I know this command works, but it also writes the standard out.

Command 2>&1 | tee -a $LOG

How do I get just the standard error?

Note: What I want out of this is to just write the stderr stream to a log and write both stderr and stdout to the console.


up vote 16 down vote accepted

To do that, use one extra file descriptor to switch stderr and stdout:

find /var/log 3>&1 1>&2 2>&3 | tee foo.file

Basically, it works, or at least I think it works, as follows:
The re-directions are evaluated left-to-right.

3>&1 Makes a new file descriptor, 3 a duplicate (copy) of fd 1 (stdout).

1>&2 Make stdout (1) a duplicate of fd 2 (stderr)

2>&3 Make fd 2, a duplicate (copy) of 3, which was previously made a copy of stdout.

So now stderr and stdout are switched.

| tee foo.file tee duplicates file descriptor 1 which was made into stderr.

    
Thanks, works in ksh too. I think most of the pipe and stream things are posix standard. –  C. Ross Sep 9 '09 at 13:14
    
"Copy" isn't really correct -- See @Guasqueño's Answer. –  Kyle Brandt Nov 19 '10 at 20:33
    
This also works in Windows with tee.exe installed :) –  Acorn Mar 21 '11 at 22:46

Command 2>&1 >/dev/null | cat -n

i.e. dup stderr to stdout, redirect stdout to /dev/null, then pipe into 'cat -n'

works on pdksh on my system:

$ errorecho(){ echo "$@" >&2;}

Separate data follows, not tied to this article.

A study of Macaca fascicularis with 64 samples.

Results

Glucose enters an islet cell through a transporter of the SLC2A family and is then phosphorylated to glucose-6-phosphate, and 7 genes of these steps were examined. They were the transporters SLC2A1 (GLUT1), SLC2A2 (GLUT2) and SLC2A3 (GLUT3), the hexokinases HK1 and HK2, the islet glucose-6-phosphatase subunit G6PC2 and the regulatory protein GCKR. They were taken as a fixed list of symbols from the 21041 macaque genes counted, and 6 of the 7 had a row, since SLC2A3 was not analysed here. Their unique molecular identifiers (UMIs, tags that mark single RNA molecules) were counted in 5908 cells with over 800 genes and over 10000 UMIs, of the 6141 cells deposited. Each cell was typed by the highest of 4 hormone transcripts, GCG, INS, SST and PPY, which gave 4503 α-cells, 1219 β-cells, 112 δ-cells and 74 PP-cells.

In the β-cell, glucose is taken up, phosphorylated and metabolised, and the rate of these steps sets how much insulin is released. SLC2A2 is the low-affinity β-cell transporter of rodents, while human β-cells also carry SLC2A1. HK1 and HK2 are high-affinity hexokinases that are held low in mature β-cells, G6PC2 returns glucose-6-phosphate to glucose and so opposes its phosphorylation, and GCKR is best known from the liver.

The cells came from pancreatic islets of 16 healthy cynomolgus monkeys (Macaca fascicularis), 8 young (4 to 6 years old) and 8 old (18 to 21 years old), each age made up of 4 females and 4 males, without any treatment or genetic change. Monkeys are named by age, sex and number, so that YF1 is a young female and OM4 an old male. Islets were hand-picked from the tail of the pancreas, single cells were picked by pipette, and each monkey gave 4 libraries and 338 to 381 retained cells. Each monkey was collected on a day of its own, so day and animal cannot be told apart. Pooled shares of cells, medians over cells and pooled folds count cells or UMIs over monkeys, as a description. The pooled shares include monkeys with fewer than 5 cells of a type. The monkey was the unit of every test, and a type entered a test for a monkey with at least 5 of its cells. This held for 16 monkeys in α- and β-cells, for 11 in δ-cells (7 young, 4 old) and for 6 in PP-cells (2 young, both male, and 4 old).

$ errorecho foo
foo

$ errorecho foo >/dev/null   # should still display even with stdout redirected
foo

$ errorecho foo 2>&1 >/dev/null | cat -n
     1  foo
$   

Rewriting Kyle's command by temporary moving the 3>&1 to the end, would make it easier to understand the concept:

find /var/log  1>&2  2>&3  3>&1  

Written this way though, Linux would display an error because &3 does not exist yet as it is located before 3>&1. 3>something is a way to declare (define) that we are going to use a third pipe, so it has to be located before we flow water into that pipe, for instance the way Kyle wrote it. Try this other way just for fun:

((echo "STD1";  anyerror "bbbb"; echo "STD2" ) 3>&1 4>&2 1>&4 2>&3) > newSTDOUT 2> newSTDERR

Not having a way to do copies is a shame. You cannot do things like "3>&1 3>&2" in the same command, because Linux will only use the first one found and dismisses the second.

I have not (yet) found a way to send both the error and the regular output to a file and also send a copy of the error to the standar output with one command. For instace, I have a cron job that I want both outputs (error and standard) go to a log file and let the error also go out to make an email message sent to my blackBerry. I can do it with two commands using "tee" but the error does not show in the right order among the regular output line in the file. This is the ugly way I resolved the problem:

((echo "STD1"; sdfr "bbbb"; echo "STD2" ) 3>&1 1>&2 2>&3 | tee -a log1 ) 2>> log1

Note that I have to use log1 twice and I have to append in both cases, the firs one using the "-a" option for the "tee" command and the second one using ">>".

Doing a cat log1 you get the following:

STD1
STD2
-bash: sdfr: command not found

Notice that the error does not show in the second line as it should.


(echo "foo" 3>&1 1>&2 2>&3 | tee -a log1 ) 2>> log1 >> log2

whereas log1 logs stdout and stderr and log2 only logs stderr and nothing else it put to screen.